Writing advice books

One of my goals, when I laid out my most recent writing plan (Along with 7k a week and a chapter of revision), was to make a dent in some of the writing advice books I have. One of the habits I’ve never quite dropped from school is highlighting, at least electronically, the parts that resonate with me. A refresher is always nice, even on stuff I know already, and I learn something new almost every time.

Notes below are from The Art of Plotting, by Linda J Cowgill. It’s more aimed at screenwriting, but my focus this week was plot, and movies are far more focused on plot than your average book (Certain genres excluded).

“Plot is not just A happens, B happens, and C happens. It’s A happens and causes B to result, which in turn causes C, etc. The cause/effect relationship between scenes push the story action forward, as well as ensure that we understand the fundamental meaning of the action, because we can see the connections between the scenes. We don’t just see what is happening, but also why.”
“A choice has a cost, something the character forsakes or sacrifices in order to get what he wants. … Let the audience see the character struggle with the moral dilemma of acting for oneself or for others, and it brings a deeper complexity to the plot…”

In discussing why an otherwise good story didn’t work/resonate:”They weren’t dramatically connected by specific cause-and-effect actions…The scenes didn’t build in a chain of events to make the important points… Cause and effect connections.”

“When the characters, especially the protagonist, don’t react to the dramatic consequences, the audience won’t react either. We have to know the event is important, and the character’s strong emotional response tells us.”

“Although we don’t want the final climax to be predictable, it must still feel inevitable. It is the end result of all the action; the forces coming together in a final clash, giving us a result that proves the story’s premise. Everything has been leading to this moment. The audience has to feel that, given everything that’s happened in the plot up to this point, it’s the only way the story could have turned out. It’s fate.”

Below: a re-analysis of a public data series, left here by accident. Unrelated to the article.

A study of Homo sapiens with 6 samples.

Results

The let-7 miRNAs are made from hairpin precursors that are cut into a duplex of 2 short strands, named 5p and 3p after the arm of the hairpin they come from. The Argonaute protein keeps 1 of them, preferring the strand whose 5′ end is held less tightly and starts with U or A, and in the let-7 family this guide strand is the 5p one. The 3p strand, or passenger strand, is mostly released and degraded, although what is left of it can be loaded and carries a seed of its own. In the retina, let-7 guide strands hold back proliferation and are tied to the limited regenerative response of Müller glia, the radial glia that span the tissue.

All that is to get to this point: Plot is intertwined with the character arc. One flaw I see in a lot of books (No, not yours, you egocentric people. I have a few published novels in mind here.), is that while a lot happens, we don’t always get the MC’s reaction, nor do we see their struggle to choose. It feels like a chain of events just HAPPEN to them. They aren’t having any effect on their destiny, until the very, very end if we’re lucky. It makes it hard to feel like the story has an arc of it’s own, and especially when the book is part of a series, it can lose the reader. If we emphasize those moments where the plot could change directions, and the character CHOSES to take it the way it goes, then it takes the novel up beyond the average.

How then, do you figure out a plot? Ah, that, my dears, is a longer post. And you’ll get it next week. 😉


1 Comment

  1. viklit said,

    August 17, 2012 at 12:51 pm

    Oooh interesting advice and you are so right, it’s important not to have events just happen!